Active Managers Have Edge in Capturing AI Opportunities

There is a plethora of AI-related investment opportunities, with the winners and losers yet to be determined.

With AI still in the early innings, active managers are able to capture unique opportunities that passive funds might miss. Passive funds are inherently backward looking, often rebalancing quarterly or semiannually, and thus reflecting moves that have already happened.

“Thematic investing is really focusing on identifying some of the transformational changes across industries and across society,” Lei Qiu, portfolio manager, disruptive innovation equities, for AB, said during VettaFi’s AI Symposium on August 30.

“Benchmarks tend to be backward looking. It rewards the proven winners, and it doesn’t necessarily capture the moment of change when the big ideas come along. So that’s where active management comes in,” Qiu added.

Importantly, Qiu said, identifying a big theme does not necessarily translate into creating a portfolio that will generate superior returns. While thematic investing can help investors generate superior returns over time, it takes an active manager to dig through the themes to determine which opportunities are mature enough, with a large enough total addressable market.

When selecting securities, Qiu said it’s important to consider company management. This level of scrutiny is something unique to active management; something that benchmarks can’t do.

How Active Management Can Add Value in AI Investing

Marissa Ansell, head of thematic client portfolio management for Goldman Sachs Asset Management, said the newness of AI underscores the importance for active management. Ansell said she expects the AI landscape to change dramatically in the next few years as the industry matures.

“We do think that AI is certainly the biggest, most transformative change that we’ve seen in tech in the last 20 plus years. And I think that AI is likely to completely change how we live and how we work and interact, and obviously drive productivity gains for enterprises.”

However, Ansell said, there is a lot of hype in the space that shouldn’t be confused good opportunities. It will take a skilled manager to weed out the hype.

“For some companies, it will be just hype without a lot of substance. But for others, I think that AI will be very real, very durable and have a pretty meaningful impact on their growth and earnings,” Ansell said. “So for us as active investors, that’s really our job to try and identify which companies are which. Try and identify the ones that are going to be the winners over the long term.”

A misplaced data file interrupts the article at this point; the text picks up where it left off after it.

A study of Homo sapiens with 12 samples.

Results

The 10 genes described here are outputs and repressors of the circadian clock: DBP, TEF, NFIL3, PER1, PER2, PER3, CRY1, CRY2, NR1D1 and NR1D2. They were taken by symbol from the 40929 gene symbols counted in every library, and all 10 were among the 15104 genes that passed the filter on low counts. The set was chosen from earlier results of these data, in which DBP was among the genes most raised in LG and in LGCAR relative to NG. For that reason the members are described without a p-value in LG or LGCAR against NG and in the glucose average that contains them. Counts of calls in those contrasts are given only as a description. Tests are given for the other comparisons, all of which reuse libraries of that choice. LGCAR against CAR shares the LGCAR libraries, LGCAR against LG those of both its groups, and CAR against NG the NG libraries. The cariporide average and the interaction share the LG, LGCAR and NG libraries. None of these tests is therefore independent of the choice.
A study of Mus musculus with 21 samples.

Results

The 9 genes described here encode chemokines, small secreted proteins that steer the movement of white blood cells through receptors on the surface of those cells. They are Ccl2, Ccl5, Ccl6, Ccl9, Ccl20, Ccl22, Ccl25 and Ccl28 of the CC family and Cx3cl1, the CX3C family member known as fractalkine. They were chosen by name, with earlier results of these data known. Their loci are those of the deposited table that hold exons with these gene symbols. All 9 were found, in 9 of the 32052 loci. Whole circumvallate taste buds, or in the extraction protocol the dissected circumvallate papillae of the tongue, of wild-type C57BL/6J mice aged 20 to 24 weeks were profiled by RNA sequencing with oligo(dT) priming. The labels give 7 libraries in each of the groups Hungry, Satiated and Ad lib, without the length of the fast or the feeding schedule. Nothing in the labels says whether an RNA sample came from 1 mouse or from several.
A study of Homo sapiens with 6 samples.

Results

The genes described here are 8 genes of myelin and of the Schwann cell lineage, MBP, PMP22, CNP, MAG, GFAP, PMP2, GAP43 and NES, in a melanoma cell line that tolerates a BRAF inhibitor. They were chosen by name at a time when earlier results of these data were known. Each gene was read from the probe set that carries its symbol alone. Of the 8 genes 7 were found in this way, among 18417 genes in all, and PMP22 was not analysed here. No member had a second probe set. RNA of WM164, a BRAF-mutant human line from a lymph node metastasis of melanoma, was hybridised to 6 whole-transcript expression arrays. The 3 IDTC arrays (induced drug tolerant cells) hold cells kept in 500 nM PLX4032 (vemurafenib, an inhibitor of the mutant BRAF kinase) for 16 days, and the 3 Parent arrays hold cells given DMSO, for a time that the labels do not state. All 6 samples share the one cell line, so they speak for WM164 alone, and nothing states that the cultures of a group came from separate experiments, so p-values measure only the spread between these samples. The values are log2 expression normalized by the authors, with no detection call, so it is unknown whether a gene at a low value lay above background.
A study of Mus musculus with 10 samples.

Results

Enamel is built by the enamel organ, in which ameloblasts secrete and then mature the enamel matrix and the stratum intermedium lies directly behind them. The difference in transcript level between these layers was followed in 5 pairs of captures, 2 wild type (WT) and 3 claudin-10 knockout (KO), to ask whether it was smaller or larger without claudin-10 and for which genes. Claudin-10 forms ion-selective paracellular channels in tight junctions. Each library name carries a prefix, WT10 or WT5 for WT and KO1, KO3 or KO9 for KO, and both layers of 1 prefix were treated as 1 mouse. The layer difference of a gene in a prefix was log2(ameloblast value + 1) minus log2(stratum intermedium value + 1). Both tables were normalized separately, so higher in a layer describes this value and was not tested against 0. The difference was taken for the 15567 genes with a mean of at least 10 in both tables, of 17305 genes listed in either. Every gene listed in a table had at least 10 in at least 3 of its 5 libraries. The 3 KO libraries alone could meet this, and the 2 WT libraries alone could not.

Active Managers Can Get Ahead of Benchmarks

Additionally, as active managers, Ansell said the firm is always trying to anticipate market movements.

“We’re trying to invest in stocks before expectations are fully priced in,” Ansell said. “Since we’re managing our portfolios in real time, we can be very nimble. We can change our positions as news flow emerges. We’re hunting for lesser-known ideas, often in the small cap space, even recent IPOs which can present great Alpha opportunities. We also pay a tremendous amount of attention to valuations.”

Ansell said she thinks about AI beneficiaries in three main buckets: the enablers, which are the companies producing the necessary infrastructure to support AI; the data layer, which includes sandboxing and cybersecurity; and the applications, which is any industry that will use AI to improve their products and services.

Getting Exposure to AI With FWD

In the AB Disruptors ETF (FWD), Qiu said she thinks of it as part of FWD’s thematic play on cloud infrastructure.

“At this stage, we tend to play the enablers, and that includes semiconductor names such as Nvidia (NVDA),” Qiu said. “We think of it more broadly as optical interconnect tools and testers that will be needed for high bandwidth memory and then also the tools needed for advanced packaging. So there are different tools that we will need today to make an AI a reality.”

Qiu also pointed to the energy intensiveness of AI. How the data centers are powered and cooled is another investment opportunity to consider, even at the current early stage.

Qiu reiterated that it’s too early to determine which companies will be the winners. “As active manager, you really need to do the work to figure out if it’s too early to call.”

Using Goldman Sachs Asset Management ETFs for AI Exposure

Ansell said Goldman Sachs Asset Management has three actively managed ETFs that all provide real exposure to AI: the Goldman Sachs Future Tech Leaders Equity ETF (GTEK), the Goldman Sachs Future Health Care Equity ETF (GDOC), and the Goldman Sachs Future Consumer Equity ETF (GBUY).

GTEK invests in global innovative tech companies. It has a focus on small- and mid-cap companies that most investors are underexposed to, Ansell said. This makes it a great complement to the U.S. mega-cap tech stocks that most investors already have in abundance in their portfolios. About a third of GTEK by weight is invested in companies Goldman Sachs Asset Management thinks are leaders or direct beneficiaries of AI.

GDOC invests in innovative healthcare companies across the fields of genomics, precision medicine, tech enabled procedures, and digital healthcare. About a third of the portfolio is invested in companies that are leveraging AI and machine learning. GDOC is a way to get exposure to lesser-known AI beneficiaries that may be underappreciated by the market.

GBUY invests in companies that Goldman Sachs Asset Management believes are aligned with the unique consumption preferences of the millennial and Gen Z consumers.

“Younger consumers really leverage technology in everything that they do. They also have quite unique lifestyles and values and different preferences to older consumers,” Ansell said. “It’s another great way to play AI, but in a very thoughtful and differentiated way.”